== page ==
Three newcomers seeking school board post | News | The Press and Standard
by The Press and Standard | October 27, 2016 5:00 pm
Last Updated: October 26, 2016 at 11:31 am
By GEORGE SALSBERRY
Gale Doggette, Noel Ison and Sue Keith are asking voters to send them to the Colleton County School Board to represent the residents of the Third District.
The seat became open when a redrawing of the district’s borders placed the residence of the incumbent, P.A. Pournelle, outside the district.
The three candidates offered similar views when asked to detail what they saw as the role of a school board member.
Ison said that “the school board plays many roles in running the schools.”
In addition to selecting a school superintendent, Ison said board members are also responsible for the education of all the students, takes necessary action to continue to improve the schools and strives to provide facilities and services that will support a good educational program.
“I would suggest that each member adopt a school and visit that school on a periodic basis and be able to talk to the principal and teachers and find out the current news, what do they need and what we can do to make their job easier,” Ison said.
Keith said that she agreed with Ison on the board being responsible for naming a superintendent.
She went on to say that the board is also responsible for setting policy and reviewing the budget.
“We do not have direct responsibility of educating the children on a one-to-one basis. I am not qualified to be a teacher; what I am qualified to do is to monitor performance, troubleshoot, look for issues,” Keith said.
If the family member of a student comes to her about a teacher, she will listen and take those concerns to Dr. Franklin Foster and say “I need a resolution of this, can you tell me what is going on,” she said.
“I don’t let things lie for a while, I will follow-up,” Keith promised.
Doggette, when her turn came, said she agreed with Keith that “the school board’s role is not the day-to-day teaching of our children. The board’s job is to hire someone they think can do the very best job possible, set policy, set a business plan.”
Doggette said she believes the district needs to run more like a business. District personnel should set a business plan for the district and the board members should “monitor progress of plans under the direction of the superintendent. We should be trusting our superintendent,” she said.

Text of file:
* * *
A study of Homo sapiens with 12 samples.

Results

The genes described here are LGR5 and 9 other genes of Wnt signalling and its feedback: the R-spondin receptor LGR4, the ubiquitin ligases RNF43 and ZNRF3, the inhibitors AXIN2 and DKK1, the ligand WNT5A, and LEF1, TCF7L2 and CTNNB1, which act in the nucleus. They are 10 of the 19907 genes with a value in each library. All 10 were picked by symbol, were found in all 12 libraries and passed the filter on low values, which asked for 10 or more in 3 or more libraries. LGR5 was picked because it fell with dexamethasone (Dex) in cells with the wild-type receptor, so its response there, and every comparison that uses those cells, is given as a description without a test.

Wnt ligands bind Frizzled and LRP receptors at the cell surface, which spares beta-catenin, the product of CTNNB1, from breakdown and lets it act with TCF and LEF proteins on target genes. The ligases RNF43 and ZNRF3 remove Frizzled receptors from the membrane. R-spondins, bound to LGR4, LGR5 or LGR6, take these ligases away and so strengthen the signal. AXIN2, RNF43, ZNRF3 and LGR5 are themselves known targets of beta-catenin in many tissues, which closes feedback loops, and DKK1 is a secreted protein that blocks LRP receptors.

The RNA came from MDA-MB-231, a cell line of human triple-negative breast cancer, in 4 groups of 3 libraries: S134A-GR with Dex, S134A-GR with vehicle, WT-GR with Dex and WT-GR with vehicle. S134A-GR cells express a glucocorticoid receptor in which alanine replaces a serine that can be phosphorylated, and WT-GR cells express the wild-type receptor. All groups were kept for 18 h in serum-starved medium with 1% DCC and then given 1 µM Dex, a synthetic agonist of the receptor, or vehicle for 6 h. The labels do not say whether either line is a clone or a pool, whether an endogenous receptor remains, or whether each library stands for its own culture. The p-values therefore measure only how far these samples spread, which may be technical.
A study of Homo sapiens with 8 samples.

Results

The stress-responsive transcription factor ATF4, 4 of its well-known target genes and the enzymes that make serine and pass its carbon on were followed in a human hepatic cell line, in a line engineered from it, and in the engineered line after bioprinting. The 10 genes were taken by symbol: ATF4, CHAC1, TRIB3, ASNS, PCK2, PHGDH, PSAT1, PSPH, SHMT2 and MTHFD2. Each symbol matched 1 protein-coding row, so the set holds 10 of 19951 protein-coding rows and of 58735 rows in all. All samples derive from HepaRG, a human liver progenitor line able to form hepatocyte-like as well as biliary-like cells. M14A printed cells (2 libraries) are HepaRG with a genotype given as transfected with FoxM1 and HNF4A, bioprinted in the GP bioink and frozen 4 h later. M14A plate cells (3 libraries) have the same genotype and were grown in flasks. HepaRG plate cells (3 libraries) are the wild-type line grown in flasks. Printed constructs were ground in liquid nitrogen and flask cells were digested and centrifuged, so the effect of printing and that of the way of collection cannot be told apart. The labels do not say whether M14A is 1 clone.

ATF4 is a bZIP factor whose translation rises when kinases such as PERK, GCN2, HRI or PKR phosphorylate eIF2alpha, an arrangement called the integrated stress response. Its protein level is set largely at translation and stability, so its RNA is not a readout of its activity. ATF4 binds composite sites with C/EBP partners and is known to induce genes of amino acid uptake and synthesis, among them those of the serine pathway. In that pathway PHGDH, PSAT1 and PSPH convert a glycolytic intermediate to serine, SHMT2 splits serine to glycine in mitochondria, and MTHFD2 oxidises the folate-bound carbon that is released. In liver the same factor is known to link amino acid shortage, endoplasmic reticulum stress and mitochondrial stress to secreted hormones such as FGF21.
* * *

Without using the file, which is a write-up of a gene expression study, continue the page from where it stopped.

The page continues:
The three prospective board members said they were hesitant about offering comments on how the district and board members had handled the cost overruns and construction delays of Bell’s Elementary School.
They did, however, express their thoughts on the district’s difficulty in attracting and retaining teachers and bus drivers.
Doggette said she has friends who are teachers “and they say there are a lot of problems.”
The district attracts young teachers but it doesn’t prepare them for working in a small community — “they don’t know what they are coming into,” Doggette said. When they get in the classroom, she added, they are “not getting the support they need, particularly on the discipline side, and unfortunately, we also don’t pay well.”
The district’s bus drivers, Doggette added, start at $10 a hour and only work limited hours “because we don’t want to pay them benefits.”
Those bus drivers, she said, are handling “precious cargo out there. I am not going to drive those children around for $200 a week and I don’t know many people who will. We have just got to do something, at least give an incentive for some kind of health care or paid vacation,” she said.
Ison said his 35 years experience in management has taught him “when you have trouble hiring someone, you have got to evaluate your pay scale.”
“We pay starting teachers $5,000 less than the surrounding counties. That is a problem. It is especially true when you are trying to hire the best candidates out there,” he said.
The teachers he has talked to, Ison said, “are not frustrated as much as they are tired.” He said that teachers face too much paperwork and too much red tape. “They don’t have enough time to teach their class adequately.”
“This may seem strange, but one problem I see in hiring a young teacher fresh out of college is that there is nothing here for them to do,” Ison said.
Bus drivers “start early, finish late and have a lot of pressure. I will evaluate salaries,” he said.
Keith said in her 40 years of management, “I was taught salary was not a satisfier. I’m sorry, it is.”
Keith explained that she evaluated the data and found that with the exception of Barnwell County, Colleton had the lowest starting pay for teachers. In Colleton County, a new teacher with a four-year degree is paid $30,000.
By comparison, Keith said, a new graduate nurse with a two-year associate degree from a Beaufort technical college receives $42,000 a year. “Without a teacher, that nurse would not be there.”
In her last 10 years in management, Keith said, “My turnover was less than 4 percent. I believe in keeping employees, you have to look at what is causing them not to be happy.”
Keith said she had been told that the school district does an employee satisfaction survey. “Look at the data,” she said, “If you see a commonality, address it.
“I think the same thing applies to the bus drivers. Ten dollars an hour is not enough to pay me to drive a bus,” Keith said. The board, she added, “must look at the salary scale, and to get the money, we must contact our state and local legislators.”